Q&A of the Day – Who really needs your Social Security Number
Each day I’ll feature a listener question that’s been submitted by one of these methods.
It is so frustrating that we must give out this information in order to get services from companies that put us at risk.
Bottom Line: I agree that it’s frustrating that we’re even put into a situation in which we’re pressured to provide the information. But I’ll offer up a correction as well. You don’t have to provide your number for services. They have no legal right to it. They also retain no legal means of denying you services for not providing it – though any organization that wants to deny you services for not providing it – is an organization you likely don’t want to be serviced by...I’ll come back around to that point.
First, without your consent, only federal government agencies you’re taxed or serviced by have a legal right to your Social Security number. In other words, no company or organization has any legal authority to demand that information in return for any non-federal reporting purpose. On that note, about federal reporting purposes. There are instances that companies or organizations must obtain that information with your consent. Anything that requires federal reporting for taxable purposes. Examples include:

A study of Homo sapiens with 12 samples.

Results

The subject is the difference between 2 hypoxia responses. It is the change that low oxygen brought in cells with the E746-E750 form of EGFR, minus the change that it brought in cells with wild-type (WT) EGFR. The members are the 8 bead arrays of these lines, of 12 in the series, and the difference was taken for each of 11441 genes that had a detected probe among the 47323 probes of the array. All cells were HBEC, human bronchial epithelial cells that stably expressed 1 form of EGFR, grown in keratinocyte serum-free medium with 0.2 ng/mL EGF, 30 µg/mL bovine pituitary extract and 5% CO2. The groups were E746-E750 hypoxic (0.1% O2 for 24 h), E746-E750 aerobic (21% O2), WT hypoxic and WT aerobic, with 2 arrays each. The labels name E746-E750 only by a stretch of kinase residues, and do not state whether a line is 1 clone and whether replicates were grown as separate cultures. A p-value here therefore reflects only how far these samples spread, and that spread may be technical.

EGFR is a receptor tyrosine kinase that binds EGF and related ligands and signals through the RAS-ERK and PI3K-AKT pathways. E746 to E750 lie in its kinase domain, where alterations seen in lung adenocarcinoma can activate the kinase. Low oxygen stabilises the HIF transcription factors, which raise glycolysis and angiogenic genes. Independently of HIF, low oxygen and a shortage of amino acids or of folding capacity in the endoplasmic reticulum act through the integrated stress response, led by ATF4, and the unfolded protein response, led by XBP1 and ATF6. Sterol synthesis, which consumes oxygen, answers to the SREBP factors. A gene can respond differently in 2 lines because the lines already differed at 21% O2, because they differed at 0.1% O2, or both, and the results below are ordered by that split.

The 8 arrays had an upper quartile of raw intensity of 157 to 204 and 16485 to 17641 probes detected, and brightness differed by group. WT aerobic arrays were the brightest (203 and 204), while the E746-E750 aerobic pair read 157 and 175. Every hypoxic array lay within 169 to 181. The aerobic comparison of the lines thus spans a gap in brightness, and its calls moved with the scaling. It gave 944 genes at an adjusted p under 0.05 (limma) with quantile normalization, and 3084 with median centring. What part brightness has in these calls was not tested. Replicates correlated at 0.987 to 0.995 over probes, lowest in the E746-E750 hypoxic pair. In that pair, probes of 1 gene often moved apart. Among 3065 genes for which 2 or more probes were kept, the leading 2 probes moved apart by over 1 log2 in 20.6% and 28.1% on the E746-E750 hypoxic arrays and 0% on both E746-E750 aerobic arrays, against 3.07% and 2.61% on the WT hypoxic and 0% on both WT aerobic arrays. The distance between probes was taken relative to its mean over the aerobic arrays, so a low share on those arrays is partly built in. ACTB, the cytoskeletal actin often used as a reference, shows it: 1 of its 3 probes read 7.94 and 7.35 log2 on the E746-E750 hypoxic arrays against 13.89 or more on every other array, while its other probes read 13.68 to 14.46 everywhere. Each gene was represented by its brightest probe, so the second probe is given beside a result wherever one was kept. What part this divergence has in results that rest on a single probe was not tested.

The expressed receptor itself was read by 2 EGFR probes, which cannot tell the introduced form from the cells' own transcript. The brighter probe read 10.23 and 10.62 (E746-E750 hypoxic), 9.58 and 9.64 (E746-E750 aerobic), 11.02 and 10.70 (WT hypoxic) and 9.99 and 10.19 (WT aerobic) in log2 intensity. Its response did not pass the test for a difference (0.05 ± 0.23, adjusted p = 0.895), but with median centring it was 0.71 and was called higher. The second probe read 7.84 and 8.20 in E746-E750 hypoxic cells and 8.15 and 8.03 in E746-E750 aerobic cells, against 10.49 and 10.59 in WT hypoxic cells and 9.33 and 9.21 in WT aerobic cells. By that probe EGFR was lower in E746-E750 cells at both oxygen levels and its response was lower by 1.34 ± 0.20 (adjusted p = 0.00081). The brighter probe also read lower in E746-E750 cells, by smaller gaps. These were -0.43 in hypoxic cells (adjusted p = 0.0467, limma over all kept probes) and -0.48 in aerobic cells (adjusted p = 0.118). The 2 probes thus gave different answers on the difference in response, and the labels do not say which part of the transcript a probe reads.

- Your employer
- Organizations you claim a taxable prize from
- Financial service providers
But that’s just about it. If something doesn’t have to be reported for taxable purposes to the IRS – they can pound sand. And frankly should. It’s offensive that so many organizations selfishly pressure people to provide the information that puts them at risk of being compromised as in the Quest Diagnostics instance. So why do they do it? For collection purposes in case you don’t pay your bill. Like I said, if an organization gives you a hard time about not providing your Social Security number to them – you should probably seek alternatives anyway. They’re more concerned with turning your personal information over debt collectors (which pay more for collections that include Social Security numbers) and putting your personal information at risk, than providing you with high quality service.
In summary, unless there’s something that must be reported to the IRS – just say no to anyone and everyone who asks for your Social Security number.